Sony SS-CS5 Speaker

These affordable speakers deliver high-res audio

The premise behind Sony's SS-CS5 stereo bookshelf speakers is that their 3/4-inch supertweeters make them good for high-resolution audio. From a purely technical standpoint, that's true.

Whether or not high-res audio ever achieves importance is still an open question, but if you're into it, it makes some sense to seek out tweeters with extended response.

What matters is how these low-priced mini speakers sound.

 

Sony SS-CS5 Features and Specs

Sony SS-CS3 top 2
Brent Butterworth

• 0.75-inch fabric-dome supertweeter
• 1-inch fabric-dome tweeter
• 5.25-inch foamed mica woofer
• Five-way speaker cable binding posts
• Dimensions: 13.1 x 7 x  8.6 in 
• Weight: 9.4 lb

What's unusual about this speaker is the supertweeter, of course, but also the foamed mica woofer cone. Seeing this material in a woofer cone is unusual, but it's admirably light and stiff — as a woofer cone should be.

Even though the grills are attached with old-school grommets instead of magnets, the speakers look good with the grill off.

Sony SS-CS5 Performance

Sony-SS-CS5-back-2.jpg
Brent Butterworth

The SS-CS5 reveals its strengths and weaknesses quickly. Its real strength is voice reproduction. Its weakness is that the 5.25-inch woofer doesn't put out much bass.

The overall sound was nice and full, even on non-vocal recordings, but the treble sounded comparatively unrefined. It has some peaks and dips in the response above about 4 kHz.

For a $200+ speaker set, the woofer performed about as well as expected. Purists will find there isn't enough bottom end to get their foot tapping or head bobbing.

The SS-CS5 has a fuller sound, and maybe a slightly smoother midrange than the Pioneer SP-BS22-LR, but its treble is softer.

If you want a fuller sound with more bass, get a subwoofer or spend the extra for the SS-CS3 tower. If you want a more detailed, audiophile-pleasing sound, get a more audiophile-oriented minispeaker like the Music Hall Marimba.

Sony SS-CS5 Measurements

Sony SS-CS5 frequency response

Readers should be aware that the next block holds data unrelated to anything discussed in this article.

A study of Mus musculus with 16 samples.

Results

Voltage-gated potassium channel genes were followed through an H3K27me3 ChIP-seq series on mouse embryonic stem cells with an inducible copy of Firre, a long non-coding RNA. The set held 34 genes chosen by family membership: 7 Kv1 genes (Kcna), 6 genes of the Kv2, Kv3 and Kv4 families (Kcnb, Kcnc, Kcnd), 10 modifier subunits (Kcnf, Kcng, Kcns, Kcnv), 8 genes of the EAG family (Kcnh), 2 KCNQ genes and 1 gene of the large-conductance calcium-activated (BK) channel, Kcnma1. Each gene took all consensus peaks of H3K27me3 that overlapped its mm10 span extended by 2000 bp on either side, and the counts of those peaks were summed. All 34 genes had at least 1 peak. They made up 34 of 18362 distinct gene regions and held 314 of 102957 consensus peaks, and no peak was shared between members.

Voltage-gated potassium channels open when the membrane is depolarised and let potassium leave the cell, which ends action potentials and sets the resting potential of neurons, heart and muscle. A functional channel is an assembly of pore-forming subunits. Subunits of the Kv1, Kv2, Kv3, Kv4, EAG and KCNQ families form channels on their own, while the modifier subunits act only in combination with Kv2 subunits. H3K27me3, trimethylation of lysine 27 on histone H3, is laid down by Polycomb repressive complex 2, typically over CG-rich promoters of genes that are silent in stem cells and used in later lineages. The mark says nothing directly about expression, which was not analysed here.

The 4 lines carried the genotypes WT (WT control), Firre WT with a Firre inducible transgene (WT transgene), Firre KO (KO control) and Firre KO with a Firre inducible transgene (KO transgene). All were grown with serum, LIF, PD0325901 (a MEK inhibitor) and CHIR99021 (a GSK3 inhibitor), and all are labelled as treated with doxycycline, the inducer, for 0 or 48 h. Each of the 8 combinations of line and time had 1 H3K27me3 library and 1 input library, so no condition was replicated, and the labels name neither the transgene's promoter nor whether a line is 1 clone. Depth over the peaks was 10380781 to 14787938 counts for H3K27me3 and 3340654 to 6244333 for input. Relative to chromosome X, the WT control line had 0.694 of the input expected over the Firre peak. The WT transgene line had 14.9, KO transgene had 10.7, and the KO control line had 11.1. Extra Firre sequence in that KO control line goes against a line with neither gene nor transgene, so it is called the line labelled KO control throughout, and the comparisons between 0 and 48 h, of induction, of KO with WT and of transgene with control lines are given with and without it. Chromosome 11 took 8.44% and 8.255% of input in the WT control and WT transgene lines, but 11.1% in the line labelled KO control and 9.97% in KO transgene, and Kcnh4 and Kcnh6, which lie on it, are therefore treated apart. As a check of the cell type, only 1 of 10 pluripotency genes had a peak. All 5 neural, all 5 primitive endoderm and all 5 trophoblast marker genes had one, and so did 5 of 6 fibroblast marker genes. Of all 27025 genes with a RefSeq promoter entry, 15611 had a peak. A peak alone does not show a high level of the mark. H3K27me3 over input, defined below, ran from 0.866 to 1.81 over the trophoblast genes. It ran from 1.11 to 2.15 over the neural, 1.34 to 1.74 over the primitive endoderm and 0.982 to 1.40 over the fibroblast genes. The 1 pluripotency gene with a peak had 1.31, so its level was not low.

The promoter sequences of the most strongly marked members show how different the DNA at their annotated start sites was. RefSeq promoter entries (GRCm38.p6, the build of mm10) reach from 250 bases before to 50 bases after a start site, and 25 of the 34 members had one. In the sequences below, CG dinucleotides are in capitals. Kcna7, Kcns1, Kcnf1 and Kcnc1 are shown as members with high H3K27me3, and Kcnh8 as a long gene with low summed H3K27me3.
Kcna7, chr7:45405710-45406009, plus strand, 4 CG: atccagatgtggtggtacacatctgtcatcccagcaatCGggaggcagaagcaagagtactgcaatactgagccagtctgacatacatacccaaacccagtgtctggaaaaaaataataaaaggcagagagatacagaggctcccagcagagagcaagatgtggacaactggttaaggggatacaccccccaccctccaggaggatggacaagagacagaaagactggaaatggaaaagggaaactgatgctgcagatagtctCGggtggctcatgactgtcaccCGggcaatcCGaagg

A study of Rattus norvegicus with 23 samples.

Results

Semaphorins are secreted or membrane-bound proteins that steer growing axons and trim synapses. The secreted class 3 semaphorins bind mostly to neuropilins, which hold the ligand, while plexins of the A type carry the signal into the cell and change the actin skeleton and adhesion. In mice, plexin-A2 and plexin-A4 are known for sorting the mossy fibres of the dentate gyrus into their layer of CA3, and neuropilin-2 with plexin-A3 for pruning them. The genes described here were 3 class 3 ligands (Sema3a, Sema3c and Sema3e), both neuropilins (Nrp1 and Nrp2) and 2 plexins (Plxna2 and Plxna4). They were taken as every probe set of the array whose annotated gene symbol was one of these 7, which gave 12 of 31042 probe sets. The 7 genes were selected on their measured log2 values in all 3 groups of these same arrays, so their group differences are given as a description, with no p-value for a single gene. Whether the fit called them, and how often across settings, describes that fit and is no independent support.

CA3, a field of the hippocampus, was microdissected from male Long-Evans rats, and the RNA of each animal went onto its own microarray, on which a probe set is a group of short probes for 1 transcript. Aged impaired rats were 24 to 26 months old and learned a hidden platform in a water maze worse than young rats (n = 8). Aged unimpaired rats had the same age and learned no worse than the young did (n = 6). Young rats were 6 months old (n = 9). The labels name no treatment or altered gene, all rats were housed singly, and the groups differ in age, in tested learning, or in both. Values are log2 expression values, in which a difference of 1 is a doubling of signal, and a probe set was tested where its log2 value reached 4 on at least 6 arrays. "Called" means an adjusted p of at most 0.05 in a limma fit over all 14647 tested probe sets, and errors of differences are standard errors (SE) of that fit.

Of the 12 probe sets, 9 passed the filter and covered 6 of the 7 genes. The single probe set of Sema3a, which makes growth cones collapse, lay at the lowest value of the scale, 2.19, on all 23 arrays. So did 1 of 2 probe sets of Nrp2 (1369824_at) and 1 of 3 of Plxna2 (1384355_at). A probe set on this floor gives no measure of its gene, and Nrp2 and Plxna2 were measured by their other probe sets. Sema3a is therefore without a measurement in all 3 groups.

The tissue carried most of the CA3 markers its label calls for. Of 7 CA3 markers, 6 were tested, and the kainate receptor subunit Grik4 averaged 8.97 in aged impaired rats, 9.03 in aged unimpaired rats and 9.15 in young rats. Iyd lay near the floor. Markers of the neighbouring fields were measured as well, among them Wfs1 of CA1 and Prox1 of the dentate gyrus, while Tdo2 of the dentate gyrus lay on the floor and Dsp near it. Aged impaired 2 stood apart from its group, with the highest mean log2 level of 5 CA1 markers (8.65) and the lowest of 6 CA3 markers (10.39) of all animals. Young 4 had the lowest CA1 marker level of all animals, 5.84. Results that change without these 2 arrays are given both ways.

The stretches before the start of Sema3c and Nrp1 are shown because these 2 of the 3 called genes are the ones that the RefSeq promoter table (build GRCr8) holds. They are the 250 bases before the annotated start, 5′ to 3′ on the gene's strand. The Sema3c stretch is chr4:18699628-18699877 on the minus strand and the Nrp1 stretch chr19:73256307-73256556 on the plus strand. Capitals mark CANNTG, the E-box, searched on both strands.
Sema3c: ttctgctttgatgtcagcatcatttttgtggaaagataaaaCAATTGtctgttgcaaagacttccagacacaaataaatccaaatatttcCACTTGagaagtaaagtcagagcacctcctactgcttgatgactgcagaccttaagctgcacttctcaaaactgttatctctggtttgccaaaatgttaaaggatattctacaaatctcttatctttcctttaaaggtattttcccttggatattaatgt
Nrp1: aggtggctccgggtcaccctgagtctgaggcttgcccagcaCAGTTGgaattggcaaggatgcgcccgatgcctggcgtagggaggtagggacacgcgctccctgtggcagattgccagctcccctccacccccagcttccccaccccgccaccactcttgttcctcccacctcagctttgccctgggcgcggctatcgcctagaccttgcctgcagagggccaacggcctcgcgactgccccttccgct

Brent Butterworth

This chart shows the frequency response of the SS-CS5 on axis (blue trace) and the average of responses at 0, ±10, ±20, and ±30 degrees horizontally (green trace). Generally speaking, the flatter and more horizontal these lines look, the better the speaker sounds.

The SS-CS5's response looks pretty smooth, especially for the price range. On-axis, it's +/-3.4 dB from 70 hertz to 20 kHz, which is an extremely good result for a speaker at this price. There's a slight boost around 1.1 kHz, which may make voices stand out a bit better. Plus there's a slight downward tilt in the tonal balance, which means the speaker is unlikely to sound bright or trebly or thin. Averaged on/off-axis response is close to the on-axis response, which is good.

Impedance averages 8 ohms and dips to a low of 4.7 ohms/-28° phase, so no problem there. Anechoic sensitivity measures 86.7 dB at 1 watt/1 meter, so figure somewhere around 90 dB in-room. This speaker should work nicely with just about any amp with 10 watts or more per channel.

Sony SS-CS5 Final Take

Sony SS-CS5 top view
Brent Butterworth

The SS-CS5 is one of the smoothest-sounding speakers you can buy for under $400. It can compete with many of the decent $400/pair minispeakers, although most of those have a 6.5-inch woofer and an extra 10 or 20 hertz of bass. If you want a $200/pair minispeaker for light pop, jazz, folk or classical, the Sony SS-CS5 is a good choice.